Bob Frye
| Sunday, Aug. 8, 2004

For Joni Sadley, the state's annual elk expo never really ends.

Sure, the expo is just a two-day affair that's held late every September. At the end of the second day, the vendors head for their next gig, the Elk County fairgrounds are readied for something else and the visitors leave for home.

It's only a short while later, though, that the calls to Sadley's office start.

"People start just a few months after it's over, wanting to know when the next one is," said Sadley, spokeswoman for the Northwest Pennsylvania Great Outdoors visitors bureau and the woman who coordinates the expo.

That's how popular the event -- highlighted by the drawing to determine who gets an elk hunting license -- has become. Last year, the expo drew somewhere between 50,000 and 100,000 people to rural Elk County. This year's event -- set for Sept. 25 and 26 -- is expected to draw even more.

That's true despite the fact that the Pennsylvania Game Commission is only offering 40 elk licenses this year, as opposed to the 100 that were available in 2003.

Interest in the hunt hasn't seemed to diminish. At this point last year, the Game Commission had received 3,660 elk license applications via e-mail. So far this year it's received 3,609, said Jerry Feaser, press secretary for the Commission.

"Electronically, we're right on par with where we were a year ago," Feaser said.

Add in the applications that have come in via mail and the Commission has about 7,000 applications in hand so far.

The Commission received 26,577 applications last year. With several weeks yet to go before the deadline to apply -- mail-in applications are due Aug. 27, while those submitted electronically are due Sept. 10 -- Feaser said he expects the Commission to be in that neighborhood again.

"All applications will be put into one container for the public drawing," said Vern Ross, executive director of the Commission. "We then will draw enough applications to award 40 elk licenses. The first 12 will be awarded antlered elk licenses, and the next 28 will be awarded antlerless elk licenses."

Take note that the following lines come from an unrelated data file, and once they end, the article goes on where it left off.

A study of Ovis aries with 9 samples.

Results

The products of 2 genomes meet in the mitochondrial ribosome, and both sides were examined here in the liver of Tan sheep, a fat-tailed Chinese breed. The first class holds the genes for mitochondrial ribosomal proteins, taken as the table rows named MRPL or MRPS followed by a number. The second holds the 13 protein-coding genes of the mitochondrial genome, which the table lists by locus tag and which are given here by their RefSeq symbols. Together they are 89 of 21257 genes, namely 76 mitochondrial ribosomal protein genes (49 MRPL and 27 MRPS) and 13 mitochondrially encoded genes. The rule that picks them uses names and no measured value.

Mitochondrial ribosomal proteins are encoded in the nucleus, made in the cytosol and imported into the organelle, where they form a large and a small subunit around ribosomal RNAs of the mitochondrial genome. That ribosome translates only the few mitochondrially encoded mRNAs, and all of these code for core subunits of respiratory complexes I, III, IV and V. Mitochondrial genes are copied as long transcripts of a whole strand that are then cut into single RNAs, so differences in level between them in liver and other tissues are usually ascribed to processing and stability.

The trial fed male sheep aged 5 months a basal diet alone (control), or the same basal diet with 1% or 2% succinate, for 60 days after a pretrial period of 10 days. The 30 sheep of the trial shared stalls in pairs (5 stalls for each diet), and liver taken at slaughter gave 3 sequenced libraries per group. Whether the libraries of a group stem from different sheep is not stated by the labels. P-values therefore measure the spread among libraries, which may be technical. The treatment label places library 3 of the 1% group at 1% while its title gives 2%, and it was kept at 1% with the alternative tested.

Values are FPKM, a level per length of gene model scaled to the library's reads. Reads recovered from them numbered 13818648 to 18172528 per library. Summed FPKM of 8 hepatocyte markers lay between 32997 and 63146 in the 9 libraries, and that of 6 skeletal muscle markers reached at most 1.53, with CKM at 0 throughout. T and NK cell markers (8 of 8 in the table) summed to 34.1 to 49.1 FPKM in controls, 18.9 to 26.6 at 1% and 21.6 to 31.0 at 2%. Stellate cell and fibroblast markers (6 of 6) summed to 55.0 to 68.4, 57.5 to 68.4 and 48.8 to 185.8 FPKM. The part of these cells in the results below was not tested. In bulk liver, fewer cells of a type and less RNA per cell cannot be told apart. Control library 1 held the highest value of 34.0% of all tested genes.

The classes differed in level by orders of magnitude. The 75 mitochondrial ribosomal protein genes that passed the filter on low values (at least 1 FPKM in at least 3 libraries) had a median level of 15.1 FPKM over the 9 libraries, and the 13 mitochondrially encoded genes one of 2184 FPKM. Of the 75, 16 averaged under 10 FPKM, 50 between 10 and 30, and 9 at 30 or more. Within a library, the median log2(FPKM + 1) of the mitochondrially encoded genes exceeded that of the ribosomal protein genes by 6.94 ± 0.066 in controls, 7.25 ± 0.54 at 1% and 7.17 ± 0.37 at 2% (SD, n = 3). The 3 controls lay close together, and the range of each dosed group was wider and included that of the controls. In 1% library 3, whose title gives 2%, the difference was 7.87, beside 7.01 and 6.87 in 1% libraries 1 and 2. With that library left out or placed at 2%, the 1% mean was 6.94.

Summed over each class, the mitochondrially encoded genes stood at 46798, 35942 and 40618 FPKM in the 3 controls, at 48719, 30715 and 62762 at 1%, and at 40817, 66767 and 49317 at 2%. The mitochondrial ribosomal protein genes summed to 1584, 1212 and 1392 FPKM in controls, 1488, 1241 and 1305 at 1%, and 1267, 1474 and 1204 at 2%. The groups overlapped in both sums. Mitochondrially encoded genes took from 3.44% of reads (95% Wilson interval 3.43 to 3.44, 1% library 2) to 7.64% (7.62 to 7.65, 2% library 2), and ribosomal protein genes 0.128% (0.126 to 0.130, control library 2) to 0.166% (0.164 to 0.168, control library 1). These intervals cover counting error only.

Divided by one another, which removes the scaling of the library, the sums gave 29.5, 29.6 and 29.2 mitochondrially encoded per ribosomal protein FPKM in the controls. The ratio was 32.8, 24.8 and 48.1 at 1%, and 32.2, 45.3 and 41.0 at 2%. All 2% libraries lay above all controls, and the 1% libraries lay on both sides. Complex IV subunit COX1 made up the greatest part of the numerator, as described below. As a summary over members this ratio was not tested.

The elk license drawing will be at 6 p.m. Sept. 25. The actual elk hunt will be Nov. 8-13.

As for the rest of the festival, one of the most popular attractions is the guided elk bus tours. Visitors to the festival can sign up at the expo for one of the tours, which last two to three hours and -- at least so far -- have always ended up with visitors getting to see elk.

"The people have always come back happy," Sadley said. "They've been a big hit with visitors."

The expo has drawn visitors from as far away as Ohio, Vermont and Connecticut. That's generally a good thing, though it's also led to problems with traffic and parking in an area of two-land roads, farm fields and woods.

"Traffic was backed up for four or five miles from noon on. It was packed," Sadley said. "We're trying to solve that so it's less of a problem."

Sadley said shuttle buses and extra parking have been secured.

As always, the event will feature vendors, contests like the Rocky Mountain Elk Foundation's elk bugling competition, seminars, and displays. This year's expo promises to have more activities for children, too.

Negotiations to bring a big-name band to the expo were continuing at press time.

In the meantime, Northwest Pennsylvania Great Outdoors has even put together some elk watching tips on its Web site -- -- for people traveling to the area.

Sadley hopes all that is enough to keep the expo as popular as its been so far.

"Based on the calls and e-mails we get, it's popular enough that we'll definitely keep doing it," Sadley said.